This past Sunday, January 13, 2008, Governor Corzine signed into law, legislation which was pushed by State Senators Lesniak and Kyrillos and Assemblypersons Quigley and Cryan, through both the New Jersey Senate and the New Jersey Assembly on January 7th (S3025), in one of the last legislative acts of the 2006-2007 Legislative Session, and was designed to give the long-awaited relief to nonprofit organizations from the pay-to-play disclosure laws. The new law, P.L. 2007, c. 304, takes effect immediately.
Under this new law, nonprofits who have contracts with government agencies of more than $ 50,000 per calendar year are no longer required to file annual disclosure statements with the New Jersey Election Law Enforcement Commission (“NJELEC”) listing the amount of political contributions made by the nonprofit and their officers and directors.
Last Spring, the New Jersey Election Law Enforcement Commission promulgated regulations pursuant to Section 3 of P.L. 2005, No. 271, part of the pay-to-play legislation, which required all “business entities” with contracts with New Jersey public entities to report on all such political contributions in an amount over $300 made by the business entity and its directors, officers, principals, and partners, and their respective spouses. The new law, which amends P.L. 2005, No. 271, narrows the definition of business entities to cover only “for-profit entities.”
The new law also amended Section 2 of P.L. 2005, No. 271, which requires any “business entity” bidding or negotiating on a contract with a State agency, county, municipality, independent authority, board of education or fire district with an anticipated value in excess of $ 17,500 which is not publicly advertised for bids, to submit no later than 10 days prior to entering into the contract, a list of the amount and date of political contributions made by the business entity, a person and other business entity with an “interest” in the business entity, including all principals, partners, directors, officers, and their respective spouses, and all subsidiaries controlled directly or indirectly by the business entity, during the preceding twelve months. Again, the new law narrows the definition of “business entity” to a “for-profit entity.”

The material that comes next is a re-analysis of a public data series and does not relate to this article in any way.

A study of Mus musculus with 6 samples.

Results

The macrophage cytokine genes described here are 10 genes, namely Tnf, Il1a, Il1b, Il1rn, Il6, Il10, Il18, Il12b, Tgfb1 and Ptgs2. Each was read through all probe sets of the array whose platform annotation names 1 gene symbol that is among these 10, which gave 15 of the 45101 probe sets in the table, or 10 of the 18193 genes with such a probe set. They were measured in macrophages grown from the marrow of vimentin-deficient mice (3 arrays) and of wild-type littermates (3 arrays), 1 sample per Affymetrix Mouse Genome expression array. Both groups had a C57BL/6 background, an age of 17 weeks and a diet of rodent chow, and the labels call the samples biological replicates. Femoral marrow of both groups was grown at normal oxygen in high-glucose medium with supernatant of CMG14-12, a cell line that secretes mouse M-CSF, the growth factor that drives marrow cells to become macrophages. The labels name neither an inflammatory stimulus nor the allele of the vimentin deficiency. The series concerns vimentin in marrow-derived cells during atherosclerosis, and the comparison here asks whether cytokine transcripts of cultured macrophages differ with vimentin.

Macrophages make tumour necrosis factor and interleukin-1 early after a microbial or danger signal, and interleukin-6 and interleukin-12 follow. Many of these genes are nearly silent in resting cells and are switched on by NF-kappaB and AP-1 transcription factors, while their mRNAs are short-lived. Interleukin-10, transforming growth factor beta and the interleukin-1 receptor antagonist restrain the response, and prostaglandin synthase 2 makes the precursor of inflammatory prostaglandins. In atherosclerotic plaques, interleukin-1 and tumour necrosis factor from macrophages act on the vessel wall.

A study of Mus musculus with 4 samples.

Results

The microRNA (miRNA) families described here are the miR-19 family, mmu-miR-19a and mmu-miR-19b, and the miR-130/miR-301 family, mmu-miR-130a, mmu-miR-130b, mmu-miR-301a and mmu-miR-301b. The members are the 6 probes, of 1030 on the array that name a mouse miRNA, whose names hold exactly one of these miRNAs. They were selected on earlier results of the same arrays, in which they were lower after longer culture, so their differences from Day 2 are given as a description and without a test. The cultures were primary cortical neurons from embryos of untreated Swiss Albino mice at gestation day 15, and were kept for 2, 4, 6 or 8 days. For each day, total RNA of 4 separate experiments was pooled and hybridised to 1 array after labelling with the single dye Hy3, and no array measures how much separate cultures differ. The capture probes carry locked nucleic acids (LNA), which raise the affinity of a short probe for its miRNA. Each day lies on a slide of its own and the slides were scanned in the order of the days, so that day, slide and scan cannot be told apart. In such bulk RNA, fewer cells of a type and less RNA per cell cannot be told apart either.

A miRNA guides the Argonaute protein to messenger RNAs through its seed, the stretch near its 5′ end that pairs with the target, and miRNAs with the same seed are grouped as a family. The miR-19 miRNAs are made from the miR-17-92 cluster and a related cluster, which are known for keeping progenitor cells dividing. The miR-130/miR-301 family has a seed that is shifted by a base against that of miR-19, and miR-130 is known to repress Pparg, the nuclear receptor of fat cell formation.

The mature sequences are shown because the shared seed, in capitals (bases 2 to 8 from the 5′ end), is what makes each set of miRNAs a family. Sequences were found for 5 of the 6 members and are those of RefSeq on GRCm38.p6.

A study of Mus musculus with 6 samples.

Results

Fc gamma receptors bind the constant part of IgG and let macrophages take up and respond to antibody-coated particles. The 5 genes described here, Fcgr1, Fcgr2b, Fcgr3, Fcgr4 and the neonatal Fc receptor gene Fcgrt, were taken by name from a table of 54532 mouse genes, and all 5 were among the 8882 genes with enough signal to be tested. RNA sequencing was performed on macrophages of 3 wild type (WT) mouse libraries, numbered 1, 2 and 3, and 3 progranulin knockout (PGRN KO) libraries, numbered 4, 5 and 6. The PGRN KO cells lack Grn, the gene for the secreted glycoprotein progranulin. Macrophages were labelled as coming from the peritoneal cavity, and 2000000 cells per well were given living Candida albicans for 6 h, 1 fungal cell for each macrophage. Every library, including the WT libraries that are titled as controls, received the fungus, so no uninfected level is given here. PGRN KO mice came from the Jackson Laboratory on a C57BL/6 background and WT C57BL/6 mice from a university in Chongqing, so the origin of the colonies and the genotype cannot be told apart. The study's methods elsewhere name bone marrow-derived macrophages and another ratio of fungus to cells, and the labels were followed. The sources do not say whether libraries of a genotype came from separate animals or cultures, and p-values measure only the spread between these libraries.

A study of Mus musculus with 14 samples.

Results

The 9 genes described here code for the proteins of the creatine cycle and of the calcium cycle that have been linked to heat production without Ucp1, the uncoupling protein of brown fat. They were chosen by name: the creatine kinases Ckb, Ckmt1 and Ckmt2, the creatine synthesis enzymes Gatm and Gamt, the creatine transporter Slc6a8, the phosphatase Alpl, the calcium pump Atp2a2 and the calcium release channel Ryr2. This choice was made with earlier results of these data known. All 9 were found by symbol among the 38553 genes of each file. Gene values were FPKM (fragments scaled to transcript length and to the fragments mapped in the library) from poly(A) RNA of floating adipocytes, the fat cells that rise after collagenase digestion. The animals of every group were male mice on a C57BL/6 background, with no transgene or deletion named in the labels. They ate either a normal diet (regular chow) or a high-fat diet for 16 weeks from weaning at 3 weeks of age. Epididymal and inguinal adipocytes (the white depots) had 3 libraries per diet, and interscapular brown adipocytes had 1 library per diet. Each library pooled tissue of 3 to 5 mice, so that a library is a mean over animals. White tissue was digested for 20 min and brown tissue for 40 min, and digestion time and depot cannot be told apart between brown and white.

The nonprofit community has issued a collective sigh of relief over the new law after a long 2007 in which the deadline for complying with the NJELEC annual disclosure regulations was extended three times while nonprofit leadership tried to get the NJELEC to change its own regulations to exempt them, and then resorted to this special legislation to remedy the problem, arguing that federal tax law prohibited Section 501(c )(3) nonprofits from making political contributions and that the disclosure of director contributions may seriously “chill” the ability of nonprofits to attract qualified directors.
A nonprofit which already filed the NJELEC annual disclosure can rescind its filing, so that information previously provided is not public, by submitting a written request by fax to Special Programs at NJELEC at 609-292-4238 to have its “business entity” information withdrawn.
Any questions regarding the new law, can be directed to Fran McElhill or Dave Weinstein at 856-795-2121.
DISCLAIMER: This client advisory is for general information purposes only. It does not constitute legal advice, and may not be used and relied upon as a substitute for legal advice regarding a specific legal issue or problem. Advice should be obtained from a qualified attorney licensed to practice in the jurisdiction where that advice is sought.